When you create a trust as part of your estate plan, you take control over what ultimately happens with your legacy. If all you have in your estate plan is a standard will, your authority over your legacy ends when your executor distributes property to your family members. However, if you create a trust, the trustee can continue to carry out your wishes for years or even multiple generations.
Most people assume that they have to name a family member or someone they know as the trustee. However, naming one individual isn’t the only option.
People also use corporate trustees
Trying to choose one person from your family or social circle to manage your legacy could hurt feelings and lead to conflict. It’s also possible that you don’t have anyone who is competent, trustworthy and at an appropriate age to manage the trust and its assets. Even if you know someone who would do the job well, they may not live for as long as you want the trust to continue.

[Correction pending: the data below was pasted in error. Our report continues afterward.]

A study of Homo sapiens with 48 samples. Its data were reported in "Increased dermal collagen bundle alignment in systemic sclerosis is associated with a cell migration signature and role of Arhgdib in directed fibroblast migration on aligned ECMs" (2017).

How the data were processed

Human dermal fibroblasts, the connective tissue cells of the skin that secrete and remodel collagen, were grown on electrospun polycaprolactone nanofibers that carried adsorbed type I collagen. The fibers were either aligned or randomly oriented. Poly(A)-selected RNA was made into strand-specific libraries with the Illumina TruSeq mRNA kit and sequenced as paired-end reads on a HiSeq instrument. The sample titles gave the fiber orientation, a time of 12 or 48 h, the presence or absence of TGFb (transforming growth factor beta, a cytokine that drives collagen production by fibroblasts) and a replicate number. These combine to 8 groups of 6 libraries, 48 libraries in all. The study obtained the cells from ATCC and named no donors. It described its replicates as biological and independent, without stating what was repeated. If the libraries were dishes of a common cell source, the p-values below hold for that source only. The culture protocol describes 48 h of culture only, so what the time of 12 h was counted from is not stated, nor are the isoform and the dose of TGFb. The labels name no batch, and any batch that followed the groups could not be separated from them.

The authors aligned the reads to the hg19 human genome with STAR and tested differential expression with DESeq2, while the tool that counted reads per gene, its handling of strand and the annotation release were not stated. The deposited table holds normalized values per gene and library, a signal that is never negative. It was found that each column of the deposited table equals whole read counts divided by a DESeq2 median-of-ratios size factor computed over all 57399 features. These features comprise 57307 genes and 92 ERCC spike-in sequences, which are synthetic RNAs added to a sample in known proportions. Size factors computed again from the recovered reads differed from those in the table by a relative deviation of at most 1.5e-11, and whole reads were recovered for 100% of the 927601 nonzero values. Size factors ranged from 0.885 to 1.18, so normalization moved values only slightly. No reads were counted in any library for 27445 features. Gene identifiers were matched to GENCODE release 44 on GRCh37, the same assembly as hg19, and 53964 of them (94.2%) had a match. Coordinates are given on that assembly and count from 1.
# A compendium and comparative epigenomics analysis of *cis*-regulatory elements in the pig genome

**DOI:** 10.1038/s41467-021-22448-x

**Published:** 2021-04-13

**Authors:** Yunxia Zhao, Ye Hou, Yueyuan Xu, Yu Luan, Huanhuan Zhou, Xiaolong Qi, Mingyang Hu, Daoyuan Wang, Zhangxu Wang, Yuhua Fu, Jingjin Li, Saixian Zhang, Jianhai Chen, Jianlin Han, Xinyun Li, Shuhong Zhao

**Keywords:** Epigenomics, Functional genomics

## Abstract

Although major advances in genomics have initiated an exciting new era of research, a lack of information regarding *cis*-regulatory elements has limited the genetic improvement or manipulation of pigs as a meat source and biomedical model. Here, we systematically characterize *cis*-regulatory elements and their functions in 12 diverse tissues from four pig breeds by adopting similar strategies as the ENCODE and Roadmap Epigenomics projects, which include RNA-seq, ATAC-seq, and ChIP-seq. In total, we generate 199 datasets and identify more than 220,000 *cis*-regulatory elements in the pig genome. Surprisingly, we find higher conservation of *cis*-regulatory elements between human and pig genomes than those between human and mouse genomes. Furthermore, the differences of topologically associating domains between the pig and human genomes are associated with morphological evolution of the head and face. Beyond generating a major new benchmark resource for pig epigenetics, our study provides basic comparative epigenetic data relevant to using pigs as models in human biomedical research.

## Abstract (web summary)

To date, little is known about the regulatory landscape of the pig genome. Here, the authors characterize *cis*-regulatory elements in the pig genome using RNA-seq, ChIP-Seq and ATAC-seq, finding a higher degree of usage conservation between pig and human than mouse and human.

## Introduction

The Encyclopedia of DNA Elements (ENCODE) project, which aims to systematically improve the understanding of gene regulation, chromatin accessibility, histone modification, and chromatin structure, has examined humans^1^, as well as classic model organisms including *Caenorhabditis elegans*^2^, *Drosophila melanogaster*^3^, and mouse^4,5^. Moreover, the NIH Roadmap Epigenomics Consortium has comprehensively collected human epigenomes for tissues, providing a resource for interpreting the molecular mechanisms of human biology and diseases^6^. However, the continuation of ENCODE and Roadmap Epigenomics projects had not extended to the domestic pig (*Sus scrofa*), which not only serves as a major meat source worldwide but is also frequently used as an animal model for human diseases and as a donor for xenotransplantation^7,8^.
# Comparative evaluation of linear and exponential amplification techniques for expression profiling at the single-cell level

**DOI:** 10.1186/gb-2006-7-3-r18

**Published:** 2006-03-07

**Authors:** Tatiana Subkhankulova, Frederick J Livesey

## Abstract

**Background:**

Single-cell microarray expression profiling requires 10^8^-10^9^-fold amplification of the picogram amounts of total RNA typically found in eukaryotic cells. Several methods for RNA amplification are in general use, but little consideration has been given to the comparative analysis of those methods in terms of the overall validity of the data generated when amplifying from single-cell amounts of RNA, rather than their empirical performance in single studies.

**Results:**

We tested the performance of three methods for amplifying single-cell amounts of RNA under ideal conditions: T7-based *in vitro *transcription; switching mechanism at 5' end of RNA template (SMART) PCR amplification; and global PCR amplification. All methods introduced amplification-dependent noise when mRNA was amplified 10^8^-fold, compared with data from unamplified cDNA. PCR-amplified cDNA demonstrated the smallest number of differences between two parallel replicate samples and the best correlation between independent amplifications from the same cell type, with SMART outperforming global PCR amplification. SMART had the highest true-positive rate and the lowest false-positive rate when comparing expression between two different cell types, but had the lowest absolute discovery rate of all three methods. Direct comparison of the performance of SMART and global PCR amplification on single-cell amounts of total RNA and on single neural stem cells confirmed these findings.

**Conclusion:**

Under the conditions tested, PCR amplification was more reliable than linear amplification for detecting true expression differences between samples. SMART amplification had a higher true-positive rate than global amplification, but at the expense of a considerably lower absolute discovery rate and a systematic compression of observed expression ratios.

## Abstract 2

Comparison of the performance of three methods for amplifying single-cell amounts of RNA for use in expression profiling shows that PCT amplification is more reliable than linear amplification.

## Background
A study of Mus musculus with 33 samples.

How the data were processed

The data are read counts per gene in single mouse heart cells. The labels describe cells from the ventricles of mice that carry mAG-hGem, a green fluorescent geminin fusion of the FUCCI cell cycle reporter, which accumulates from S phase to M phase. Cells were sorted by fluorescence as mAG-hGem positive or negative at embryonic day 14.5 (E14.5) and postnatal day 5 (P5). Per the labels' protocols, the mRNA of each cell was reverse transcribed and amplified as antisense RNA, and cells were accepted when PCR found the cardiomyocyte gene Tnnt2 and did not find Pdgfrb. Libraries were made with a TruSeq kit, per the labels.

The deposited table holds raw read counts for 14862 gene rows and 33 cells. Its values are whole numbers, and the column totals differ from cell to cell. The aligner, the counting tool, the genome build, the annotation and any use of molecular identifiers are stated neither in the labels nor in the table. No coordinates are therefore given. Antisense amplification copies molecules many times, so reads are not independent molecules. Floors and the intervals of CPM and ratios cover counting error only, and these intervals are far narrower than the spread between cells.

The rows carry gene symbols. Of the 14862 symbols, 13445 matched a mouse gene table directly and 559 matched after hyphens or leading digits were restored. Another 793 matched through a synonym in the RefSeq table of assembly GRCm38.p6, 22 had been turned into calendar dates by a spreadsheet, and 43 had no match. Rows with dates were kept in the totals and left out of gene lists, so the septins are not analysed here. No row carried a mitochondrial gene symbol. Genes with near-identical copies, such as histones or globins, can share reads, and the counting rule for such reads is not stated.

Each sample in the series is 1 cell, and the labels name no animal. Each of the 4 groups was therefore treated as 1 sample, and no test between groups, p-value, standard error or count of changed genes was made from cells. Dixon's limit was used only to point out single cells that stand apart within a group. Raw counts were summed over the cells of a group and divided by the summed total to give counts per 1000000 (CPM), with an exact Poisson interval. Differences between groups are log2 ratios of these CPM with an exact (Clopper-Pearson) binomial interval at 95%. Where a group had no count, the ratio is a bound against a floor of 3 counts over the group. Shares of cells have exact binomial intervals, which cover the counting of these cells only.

Naming a corporate trustee like a financial institution or a wealth management firm can be a good solution because it takes away the personal aspects of the decision, meaning it won’t disrupt your family relationships as much. Further, this can allow permanent, professional management until the trust reaches its planned end.
Alternatively, naming several people as co-trustees can help lessen family conflict and allow the trustees to oversee one another.. Exploring all of your options when creating a trust will help you maximize the benefits you derive from estate planning.